Jersey City advocates and officials alike protested the proposed $4.7 billion New Jersey Turnpike extension in Mary Benson Park this afternoon.
By Daniel Ulloa/Hudson County View
A coalition of groups had gathered including Bike JC, Bike Hoboken, Safe Streets JC, and Bike North Bergen, along with Friends of Liberty State Park.
The Jersey City and Hoboken City Councils have passed resolutions opposing the project, which was proposed by the New Jersey Turnpike Authority. The protest was preceded by a bike ride around the city.
“This is one of the worst ideas in Hudson County in recent history,” began Ward E James Solomon. He noted that his baby daughter would experience the negative effects of an expansion when she attended the elementary school across the street in a few years.
Solomon continued that the project was like lighting “billions of dollars on fire. Every place they spend billions of dollars, traffic gets worse.”
“It’s is purely politics. If anybody wants to be a leader of this state … you can’t fight for projects that make climate change worse. It’s November 12th and it is 70 degrees. Thousands of people’s lives in Jersey City are going to get worse. We’re saying hell no. Hell no, we are not going to expand this!”
Ward F Councilman Frank “Educational” Gilmore agreed that the endeavor didn’t make sense financially or logistically, pointing out that traffic or congestion regardless.
Hoboken 5th Ward Councilman Phil Cohen joked that the Mile Square City passed a resolution against the turnpike widening concept first.
“We breathe the air with you. We oppose this with you. Investing in infrastructure is smart. It doesn’t make sense. The tubes literally are small. Many more will sit in traffic We don’t want it.”
Hudson County Commissioner Bill O’Dea (D-2) called said the extension was “one of the dumbest things you could think of: It’s the worst idea I’ve ever heard.”
“Phil Murphy, who is a friend, should just come and walk this way. I think he would realize that’s it. It shouldn’t be as difficult as we think. I think his heart is with us. Some political forces might be influencing him. We just need to make our political forces stronger.”
Ironically, Ward D Councilman Yousef Saleh said he was late to the protest due to traffic on the turnpike extension.
“It’s a jobs project. This is a jobs project that will expand the Turnpike into a bottleneck … We need to be planning for the future and not our pocketbooks today. We don’t want to be breathing in their exhaust. Those asthma rates are going to go up.”
He also said the government should fund more charging stations for electric vehicles.
Hudson County Commissioner Anthony “Stick” Romano (D-5) reiterated a point by his colleague O’Dea, stating this could have a serious impact on nearby residents.
“The turnpike has to realize there’s different ways to do what they want to accomplish. If this expansion goes through, there’s possible eminent domain of people’s property … who have been here for many, many years,” he said.
“This project, without a doubt, is on the wrong side of history,” Jersey City Infrastructure Director Barkha Patel said, noting that Mayor Steven Fulop was against the project and was one of the first elected to do so.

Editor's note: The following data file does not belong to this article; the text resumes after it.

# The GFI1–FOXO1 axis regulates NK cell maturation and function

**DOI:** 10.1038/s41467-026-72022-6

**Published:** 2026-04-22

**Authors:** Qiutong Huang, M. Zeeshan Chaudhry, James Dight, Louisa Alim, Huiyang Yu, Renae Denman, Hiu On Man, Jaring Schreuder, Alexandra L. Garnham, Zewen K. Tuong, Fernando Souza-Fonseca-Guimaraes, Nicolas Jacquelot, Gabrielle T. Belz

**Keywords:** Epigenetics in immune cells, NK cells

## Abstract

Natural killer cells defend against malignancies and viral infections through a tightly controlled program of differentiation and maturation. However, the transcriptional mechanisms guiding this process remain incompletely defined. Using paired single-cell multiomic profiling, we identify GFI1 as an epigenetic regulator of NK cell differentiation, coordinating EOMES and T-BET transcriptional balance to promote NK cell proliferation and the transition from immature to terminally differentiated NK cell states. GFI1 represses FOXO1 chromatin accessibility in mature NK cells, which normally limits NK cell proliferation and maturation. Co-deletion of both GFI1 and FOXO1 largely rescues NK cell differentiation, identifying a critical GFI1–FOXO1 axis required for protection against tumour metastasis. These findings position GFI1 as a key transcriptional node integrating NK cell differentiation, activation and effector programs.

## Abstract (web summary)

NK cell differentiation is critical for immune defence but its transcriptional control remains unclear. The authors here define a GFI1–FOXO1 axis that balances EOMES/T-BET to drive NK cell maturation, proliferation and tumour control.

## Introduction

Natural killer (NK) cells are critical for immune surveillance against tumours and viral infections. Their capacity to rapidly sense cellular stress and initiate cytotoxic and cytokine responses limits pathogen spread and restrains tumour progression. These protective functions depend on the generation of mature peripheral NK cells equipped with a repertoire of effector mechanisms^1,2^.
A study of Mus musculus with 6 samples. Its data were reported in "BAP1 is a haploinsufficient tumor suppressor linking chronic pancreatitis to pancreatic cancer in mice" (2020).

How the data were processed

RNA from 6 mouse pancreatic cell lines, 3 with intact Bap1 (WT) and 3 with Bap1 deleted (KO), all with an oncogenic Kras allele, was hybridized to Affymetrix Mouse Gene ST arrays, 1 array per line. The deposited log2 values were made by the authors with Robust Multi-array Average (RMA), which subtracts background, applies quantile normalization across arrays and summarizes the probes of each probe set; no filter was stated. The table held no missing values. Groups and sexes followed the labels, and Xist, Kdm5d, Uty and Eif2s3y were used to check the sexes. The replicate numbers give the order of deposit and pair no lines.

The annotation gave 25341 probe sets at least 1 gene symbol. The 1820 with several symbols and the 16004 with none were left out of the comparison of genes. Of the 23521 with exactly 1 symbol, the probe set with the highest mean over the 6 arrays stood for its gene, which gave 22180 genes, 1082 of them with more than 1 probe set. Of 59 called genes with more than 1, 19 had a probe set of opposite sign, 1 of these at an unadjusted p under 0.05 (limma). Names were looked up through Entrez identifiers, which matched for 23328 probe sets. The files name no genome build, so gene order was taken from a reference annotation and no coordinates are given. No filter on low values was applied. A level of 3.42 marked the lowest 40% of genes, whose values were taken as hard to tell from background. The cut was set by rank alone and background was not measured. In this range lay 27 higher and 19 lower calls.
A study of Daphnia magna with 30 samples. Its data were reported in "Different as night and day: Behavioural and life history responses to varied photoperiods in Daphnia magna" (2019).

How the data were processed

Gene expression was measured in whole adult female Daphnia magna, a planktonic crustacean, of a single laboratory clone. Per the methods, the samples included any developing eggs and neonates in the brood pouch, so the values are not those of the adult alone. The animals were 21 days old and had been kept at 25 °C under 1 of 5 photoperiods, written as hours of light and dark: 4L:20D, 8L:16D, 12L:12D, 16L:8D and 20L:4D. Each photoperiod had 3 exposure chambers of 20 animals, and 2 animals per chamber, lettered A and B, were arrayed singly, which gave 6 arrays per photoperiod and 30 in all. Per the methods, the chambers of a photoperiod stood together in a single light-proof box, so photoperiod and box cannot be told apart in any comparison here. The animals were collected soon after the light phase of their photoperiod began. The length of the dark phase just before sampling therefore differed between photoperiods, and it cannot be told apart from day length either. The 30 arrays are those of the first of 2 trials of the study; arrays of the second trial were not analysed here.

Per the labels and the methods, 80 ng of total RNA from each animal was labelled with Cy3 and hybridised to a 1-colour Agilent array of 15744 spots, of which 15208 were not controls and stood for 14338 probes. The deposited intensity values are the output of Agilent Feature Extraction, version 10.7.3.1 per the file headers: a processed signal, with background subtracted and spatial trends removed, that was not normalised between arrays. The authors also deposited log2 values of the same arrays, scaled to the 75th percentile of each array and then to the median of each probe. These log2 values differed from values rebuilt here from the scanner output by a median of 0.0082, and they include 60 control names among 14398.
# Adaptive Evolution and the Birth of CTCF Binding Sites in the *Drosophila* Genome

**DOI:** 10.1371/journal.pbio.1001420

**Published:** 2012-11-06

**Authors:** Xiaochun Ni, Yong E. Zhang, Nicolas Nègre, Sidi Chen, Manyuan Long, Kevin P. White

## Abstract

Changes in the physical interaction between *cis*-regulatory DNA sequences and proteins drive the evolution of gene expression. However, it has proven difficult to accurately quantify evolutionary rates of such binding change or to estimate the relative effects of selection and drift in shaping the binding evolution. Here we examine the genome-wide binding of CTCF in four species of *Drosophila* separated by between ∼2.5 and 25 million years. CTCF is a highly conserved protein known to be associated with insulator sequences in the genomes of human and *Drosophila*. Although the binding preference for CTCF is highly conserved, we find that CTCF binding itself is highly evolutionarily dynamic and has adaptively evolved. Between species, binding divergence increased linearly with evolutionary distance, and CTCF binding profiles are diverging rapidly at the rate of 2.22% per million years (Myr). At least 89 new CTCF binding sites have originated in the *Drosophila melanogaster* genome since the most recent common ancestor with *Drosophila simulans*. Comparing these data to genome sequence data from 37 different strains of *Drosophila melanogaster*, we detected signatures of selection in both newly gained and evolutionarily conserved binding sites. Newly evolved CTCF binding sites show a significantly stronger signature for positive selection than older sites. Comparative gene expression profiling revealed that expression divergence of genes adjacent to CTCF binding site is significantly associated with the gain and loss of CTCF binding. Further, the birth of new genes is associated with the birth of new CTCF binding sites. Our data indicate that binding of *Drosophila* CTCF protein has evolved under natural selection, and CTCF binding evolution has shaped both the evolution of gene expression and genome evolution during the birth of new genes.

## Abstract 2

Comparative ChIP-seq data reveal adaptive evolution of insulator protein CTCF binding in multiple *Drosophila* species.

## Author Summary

She said that conditions worsened conditions almost immediately after similar projects were completed in Los Angeles and Houston, calling it the “fundamental law of roadway congestion.”
Furthermore, Patel said New Jersey would be “using public resources to deepen the scars of environmental injustice in Jersey City.”
Doug O’Malley, of Environment New Jersey, argued it would especially hurt those in low-income neighborhoods. He urged them to do a traffic analysis. He explained that multiple agencies would need to approve the project for it t to move forward.
“The assumption is if you build more lanes, you’ll solve traffic congestion. But as we’ve seen really since the dawn of the highway era, the more you build capacity on highways, the more cars ultimately use those highways. Within four years, congestion gets as bad or worse than it was before,” he explained.
Bike JC Vice President Tony Borelli said the “project would undermine everything we’ve done” just because “some unelected bureaucrats want to go the other way.”
Matt Smith, of Food and Water Watch, said this was one of seven fossil fuel projects in the state that would increase greenhouse gas emissions.
“When this project was built in 1956, they didn’t ask Jersey City residents. They didn’t do analysis,” Smith noted.
He also noted that several decades ago, then-Gov. Brendan Byrne similarly opposed an expansion.
“Governor Murphy, please follow the science. People get off the turnpike and go through our local roads. Jersey City is filled with tunnel traffic,” added Safe Streets President Jimmy Lee.
Lee said in the 1950s, the NJ Turnpike Authority ignored pleas from the city of Elizabeth to move the turnpike closer to the waterfront to avoid affecting residents.
“It’s going to bring more cars to our streets … and more pollution,” stated Bike Hoboken President Chris Adair.
She further stated that the air quality in Hudson County has been rate an “F,” therefore better projects to fund would be increase light rail service, along with building more bike lanes and more bus lanes.